Try as we might, some of us just don’t have the patience to sit down and knit. For whatever reason we just can’t master the knitting needle. It’s embarrassing on craft night when all of your friends have their needles poised and at the ready and a project already half complete. Meanwhile, you’re still trying to master the garter stitch.
But there’s a way to still join in on the fun and even add something new to girls’ night: arm knitting. Yeah, you read that right, it says ARM knitting. No knitting ability required.
Arm Knitting, Not Your Grandma’s Knitted Sweater
Arm knitting is the process of using your arms instead of needles to craft a scarf, poncho, blanket, hat, sweater, etc. It sounds crazy right? Knitting with your arms instead of needles? Maybe it sounds almost too good to be true. But believe it! This is not an urban legend, this is a TRUE, legitimate technique. But how does it work? Here’s a step-by-step guide into the world of arm knitting.
A Foolproof Guide to Warmth and Comfort
Arm knitting is a simple fashion craft that requires minimal materials and effort. All you need is the yarn! Here’s the thing, arm knitting isn’t an exact science: it’s an art form. No rules, no regulations! So go ahead and pick out that cozy winter white, be bold with bright magenta or stick with classic black. The choice is yours. And hey, if you like what you see, you can always make more! Once you’ve landed on the perfect color (or colors) for your mood, you’re ready to get started. You don’t have to decide now for the blanket, but for other arm knitting fashion crafts like these from A.C. Moore, you may want to have an idea in mind of how much yarn you’ll need before starting. Now, let’s get started on that blanket!
The best thickness for arm-knitting yarn is a “super bulky” or chunky yarn, or simply combine 3 skeins of an average-weight yarn. You have the luxury of using the same color yarn for all 3 skeins, or mixing and matching colors. Once you have the yarn as 3 skeins, it is time to determine the width of your blanket and begin knitting.
For those of you who knit the old fashioned way, the slip knot will be a part of your knitting vocabulary already. To form the slip knot, separate about a foot of yarn from the bundle. Make a loop with the end of the yarn over the yarn you’ll be working with. Pull the working yarn through the loop, tightly, to secure the slip knot. Slide the loop over your wrist, tail closest to your hand, and working yarn loosely below.
You’ll now have two different strands dangling below. One is called the working yarn, and one is the tail. With your other hand, it may be easiest to loop 1 strand over your thumb and the other strand over your index and middle fingers. How large of a blanket you want will determine how many stitches you need to create in the first row. Let’s start with 30 stitches for a good size, comfy blanket.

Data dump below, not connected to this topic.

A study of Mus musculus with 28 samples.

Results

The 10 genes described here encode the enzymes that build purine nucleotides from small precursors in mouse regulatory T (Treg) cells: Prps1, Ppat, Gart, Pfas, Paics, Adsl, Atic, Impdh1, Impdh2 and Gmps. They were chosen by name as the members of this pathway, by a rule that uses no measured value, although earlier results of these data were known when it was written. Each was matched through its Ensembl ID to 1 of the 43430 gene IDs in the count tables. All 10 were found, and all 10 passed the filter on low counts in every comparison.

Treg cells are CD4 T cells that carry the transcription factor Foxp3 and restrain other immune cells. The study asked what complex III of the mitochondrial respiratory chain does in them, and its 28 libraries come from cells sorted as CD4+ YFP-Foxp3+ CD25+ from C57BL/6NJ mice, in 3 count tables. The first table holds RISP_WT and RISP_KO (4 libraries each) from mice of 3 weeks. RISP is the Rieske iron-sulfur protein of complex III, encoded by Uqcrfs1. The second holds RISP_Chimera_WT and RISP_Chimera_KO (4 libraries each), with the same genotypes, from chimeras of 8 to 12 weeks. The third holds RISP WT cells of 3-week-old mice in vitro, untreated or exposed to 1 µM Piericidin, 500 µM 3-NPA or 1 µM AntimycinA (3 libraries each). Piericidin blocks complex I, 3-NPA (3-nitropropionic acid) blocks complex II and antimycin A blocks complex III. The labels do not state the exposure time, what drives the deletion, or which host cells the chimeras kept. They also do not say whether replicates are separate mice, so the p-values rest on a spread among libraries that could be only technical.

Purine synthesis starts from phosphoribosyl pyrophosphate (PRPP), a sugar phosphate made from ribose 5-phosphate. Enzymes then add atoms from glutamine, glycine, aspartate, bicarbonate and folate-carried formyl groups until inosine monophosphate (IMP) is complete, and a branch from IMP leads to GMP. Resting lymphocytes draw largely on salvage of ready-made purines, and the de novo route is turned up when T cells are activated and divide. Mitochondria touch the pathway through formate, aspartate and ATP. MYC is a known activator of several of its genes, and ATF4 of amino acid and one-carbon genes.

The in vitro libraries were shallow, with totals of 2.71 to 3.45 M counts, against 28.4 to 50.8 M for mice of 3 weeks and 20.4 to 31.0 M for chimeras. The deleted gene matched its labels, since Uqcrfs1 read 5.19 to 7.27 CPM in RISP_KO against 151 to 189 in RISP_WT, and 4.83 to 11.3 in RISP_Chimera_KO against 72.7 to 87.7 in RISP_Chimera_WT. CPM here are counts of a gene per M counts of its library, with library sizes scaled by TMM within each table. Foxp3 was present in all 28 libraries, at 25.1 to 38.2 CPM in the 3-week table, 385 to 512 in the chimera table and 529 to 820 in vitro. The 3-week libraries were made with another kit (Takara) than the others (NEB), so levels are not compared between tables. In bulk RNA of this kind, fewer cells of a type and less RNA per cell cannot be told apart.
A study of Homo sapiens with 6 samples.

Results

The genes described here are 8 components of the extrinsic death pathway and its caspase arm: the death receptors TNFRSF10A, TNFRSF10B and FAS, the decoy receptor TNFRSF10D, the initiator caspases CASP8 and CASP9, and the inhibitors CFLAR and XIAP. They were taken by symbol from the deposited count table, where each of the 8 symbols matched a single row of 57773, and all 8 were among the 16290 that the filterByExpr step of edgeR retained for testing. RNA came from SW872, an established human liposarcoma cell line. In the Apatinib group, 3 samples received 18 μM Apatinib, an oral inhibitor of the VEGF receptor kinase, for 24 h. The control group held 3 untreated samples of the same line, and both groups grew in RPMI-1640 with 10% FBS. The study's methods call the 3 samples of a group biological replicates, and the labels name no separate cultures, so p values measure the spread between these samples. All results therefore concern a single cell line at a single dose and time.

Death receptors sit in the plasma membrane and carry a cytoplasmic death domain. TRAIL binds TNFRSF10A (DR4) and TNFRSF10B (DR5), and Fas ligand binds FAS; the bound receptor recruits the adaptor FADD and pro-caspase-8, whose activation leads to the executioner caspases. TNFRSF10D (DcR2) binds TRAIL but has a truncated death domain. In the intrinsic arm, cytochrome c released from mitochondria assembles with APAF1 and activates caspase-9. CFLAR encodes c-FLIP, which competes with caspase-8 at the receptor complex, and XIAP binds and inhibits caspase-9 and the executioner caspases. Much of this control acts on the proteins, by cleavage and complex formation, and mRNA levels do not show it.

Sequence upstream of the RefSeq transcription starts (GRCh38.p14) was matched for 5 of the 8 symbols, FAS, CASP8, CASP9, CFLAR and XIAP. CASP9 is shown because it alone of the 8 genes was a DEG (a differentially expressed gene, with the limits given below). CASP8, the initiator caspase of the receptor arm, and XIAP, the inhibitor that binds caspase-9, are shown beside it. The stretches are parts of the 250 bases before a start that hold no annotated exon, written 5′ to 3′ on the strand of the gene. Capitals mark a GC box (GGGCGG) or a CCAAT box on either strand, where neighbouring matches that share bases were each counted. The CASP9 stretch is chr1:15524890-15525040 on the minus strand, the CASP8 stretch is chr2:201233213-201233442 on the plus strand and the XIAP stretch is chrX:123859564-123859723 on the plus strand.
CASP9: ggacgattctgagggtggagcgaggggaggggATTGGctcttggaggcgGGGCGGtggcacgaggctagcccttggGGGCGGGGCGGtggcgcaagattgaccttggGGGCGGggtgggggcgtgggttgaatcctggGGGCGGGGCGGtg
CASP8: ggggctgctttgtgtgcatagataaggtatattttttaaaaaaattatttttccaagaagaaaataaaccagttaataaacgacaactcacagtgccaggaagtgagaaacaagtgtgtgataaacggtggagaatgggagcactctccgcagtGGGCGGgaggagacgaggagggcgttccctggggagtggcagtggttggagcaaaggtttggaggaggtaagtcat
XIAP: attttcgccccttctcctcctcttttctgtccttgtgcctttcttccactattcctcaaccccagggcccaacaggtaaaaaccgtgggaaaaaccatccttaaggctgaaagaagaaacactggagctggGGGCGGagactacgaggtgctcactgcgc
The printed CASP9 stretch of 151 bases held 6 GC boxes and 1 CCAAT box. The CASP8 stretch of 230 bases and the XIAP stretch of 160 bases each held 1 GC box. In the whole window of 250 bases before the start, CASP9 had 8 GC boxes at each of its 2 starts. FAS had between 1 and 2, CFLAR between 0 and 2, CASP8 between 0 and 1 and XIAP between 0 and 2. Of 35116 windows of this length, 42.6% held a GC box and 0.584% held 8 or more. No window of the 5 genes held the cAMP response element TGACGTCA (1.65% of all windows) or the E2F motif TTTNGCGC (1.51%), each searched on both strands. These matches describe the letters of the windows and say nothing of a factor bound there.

Now the tricky part, casting on. Once you’ve mastered this first row, the knitting of your blanket will be smooth as silk. However, it may take a few tries before you are a pro at casting. Not to worry! You’ll get it. Take your pointer finger from the hand with the slip knot and slide your finger under the looped strand of the opposite thumb. Pull that loop up and over the second loop on your index and middle finger. Then, pull that loop up, making a stitch. Stretch the stitch large enough to make a loop that can fit over your slip knot hand and cast the loop onto your arm. Then, pull the strands to tighten. Tighten them enough to make a solid stitch but loose enough for the stitches to slip down your arm, allowing space for the next 29 stitches. Once you’ve finished with your first row, you’ve also finished with the tail and can move on.
Now that you’ve made all your stitches, the fun part begins. Go ahead, throw on that movie you’ve wanted to watch and relax. Take the working yarn with your stitched hand. With the opposite hand, pull one stitch off your arm and pull the working stitch all the way through. This will make a new loop.
Slip the opposite hand into the loop. Rinse and repeat with the other 29 stitches. Then do it again back to the other side. Back and forth until you’ve created the number of rows you want for your blanket.
You’ve knitted all you can knit and are ready to stop. For your final row, start as you did before with the first two stitches. Then, pull the first stitch (the one farthest away from your wrist) over the second stitch and repeat for the entire row.
At the end, cut the yarn and tie a knot to secure.
Congratulations! You just made your first blanket! Minimal effort for a lifetime of comfort, not too shabby.